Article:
Three children are attached to respirators in the intensive care unit in the Rantisi Children’s Hospital in Gaza City. Their lives depend on the proper running of the generators, which have become the main suppliers of electricity in the Gaza Strip.
I came to the children’s intensive care unit (ICU) and to the hospital in general as part of my work as a researcher for the Gisha human rights organization. In the words of the hospital director, Dr. Mohammed Abu-Salmia, “The situation is catastrophic.” Every time the flow of electricity from the grid stops and the generator is activated, he says, mishaps are likely, which interfere with the activity of the wards, the laboratories and the medical equipment, including the oxygen generators and pumps for distributing it in the wards, along with the sewage, laundry, cooking and sanitation systems.
Last month, says the director, there was not enough diesel fuel for the full operation of the main generator, so he was forced to order lights out in the hospital, with the exception of the critical wards, which used a small generator: the ICU, the dialysis center and the operating rooms. Since then, with the help of UNRWA, additional fuel has arrived, which will suffice until the end of June. Despite that, Dr. Abu-Salmia is afraid that the dramatic increase in the hours of generator activity, which has lasted for seven weeks already, will lead to malfunctions, “and then we’re really lost.” A support team, whose job it is to repair malfunctions, is in a constant state of readiness.
The electricity shortage affects all areas of life in the Strip. Routine everyday activities, such as sanitation, laundry, cooking and showers are severely affected, as is of course the use of telephones and computers. Also internet access, in other words work and study, which even on “ordinary” days, when the power station is operating, has to be synchronized with the supply of only eight consecutive hours of electricity.
The pumps that channel water into the houses are now working only part-time; there are areas where there is water distribution only once a week. There has been a dramatic decline in the activity of water purification stations; the pumping of sewage in communities and neighborhoods has been totally or partially discontinued; millions of liters of untreated sewage are flowing to the beach, which is the residents’ refuge from their daily travails. The electricity shortage is no longer a temporary inconvenience, but a potential health hazard, and in any case it isn’t a sustainable situation.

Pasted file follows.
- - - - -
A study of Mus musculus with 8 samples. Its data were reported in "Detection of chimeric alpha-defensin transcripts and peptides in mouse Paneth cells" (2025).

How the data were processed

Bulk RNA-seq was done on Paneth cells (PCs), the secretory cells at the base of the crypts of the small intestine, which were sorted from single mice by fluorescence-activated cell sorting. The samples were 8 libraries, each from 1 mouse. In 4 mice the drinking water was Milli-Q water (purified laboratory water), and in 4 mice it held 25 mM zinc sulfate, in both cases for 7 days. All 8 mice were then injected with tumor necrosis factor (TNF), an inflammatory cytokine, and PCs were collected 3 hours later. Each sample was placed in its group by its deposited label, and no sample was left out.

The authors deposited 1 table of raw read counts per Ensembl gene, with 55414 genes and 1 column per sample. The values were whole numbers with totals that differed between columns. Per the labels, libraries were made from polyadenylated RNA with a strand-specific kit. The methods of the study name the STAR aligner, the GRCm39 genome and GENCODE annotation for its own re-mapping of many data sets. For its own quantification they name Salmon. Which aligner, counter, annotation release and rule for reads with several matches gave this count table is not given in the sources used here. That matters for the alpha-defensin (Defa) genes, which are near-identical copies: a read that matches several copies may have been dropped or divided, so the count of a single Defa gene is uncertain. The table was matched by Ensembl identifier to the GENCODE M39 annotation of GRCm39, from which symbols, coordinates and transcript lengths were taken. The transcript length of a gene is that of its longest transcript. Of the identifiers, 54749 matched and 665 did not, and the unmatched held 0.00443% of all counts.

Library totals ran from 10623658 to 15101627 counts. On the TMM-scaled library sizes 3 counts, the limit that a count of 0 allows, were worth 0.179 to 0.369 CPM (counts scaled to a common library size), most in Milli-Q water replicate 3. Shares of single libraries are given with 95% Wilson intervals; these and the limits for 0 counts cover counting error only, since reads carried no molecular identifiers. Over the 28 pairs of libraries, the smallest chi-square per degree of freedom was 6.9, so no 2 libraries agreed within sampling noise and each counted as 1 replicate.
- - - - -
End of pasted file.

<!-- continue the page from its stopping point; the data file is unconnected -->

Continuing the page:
In addition to the loss of power, according to Dr. Abu-Salmia hundreds of types of medicines and medical equipment are missing from the warehouses of the Gaza Health Ministry, and of course the Rantisi Hospital suffers from that too. In the gastroenterology department, for example, feeding tubes for infants have run out, and the staff is forced to use tubes whose diameter is too large for their tiny windpipes, causing the babies unnecessary suffering.
Even transferring equipment from Israel that was bought in advance especially for Rantisi is a challenge: Four months have passed since the renovation of the oncology department, with the help of monetary assistance from an American foundation, and they’re still waiting here for essential parts for the air conditioning system. The entry of the parts and equipment into Gaza is being delayed because Israel decided to label them “dual-use” items (in other words, items that are liable to be used for military purposes). The department is designed for children with cancer and their caretakers; those who can’t go out for treatment via the closed Rafah crossing, those whom Israel labels a “security risk” and doesn’t approve their exit for treatment outside Gaza, patients who were able to receive the desired permit but won’t be able to endure the journey that awaits them.
The UN humanitarian liaison officer and the Qatari ambassador recently conducted separate visits to Rantisi and met with the director. He asked them to intervene to get the equipment released. They said they hoped they’d be able to help.
When leaving the hospital I meet the head nurse in the ICU, Osama Alkahlot, who tells me about a shift a few days before that he will never forget. “A technical problem stopped the operation of the generator, and the children’s respirators continued to work on batteries, which emptied after 15 minutes,” he recalls. “We stood among the children, two nurses for each child, alternately performing manual respiration, tensely watching the blood pressure numbers. There was absolute quiet in the room, except for the metallic banging of the manual respirators. The generator went back into operation after 10 minutes, but we felt as though 10 days had passed. I’m not sure that during the next malfunction we’ll be able to save the patients’ lives.”
The writer is a resident of the Gaza Strip and a field worker for Gisha, which promotes freedom of movement for people and goods to and from the Strip.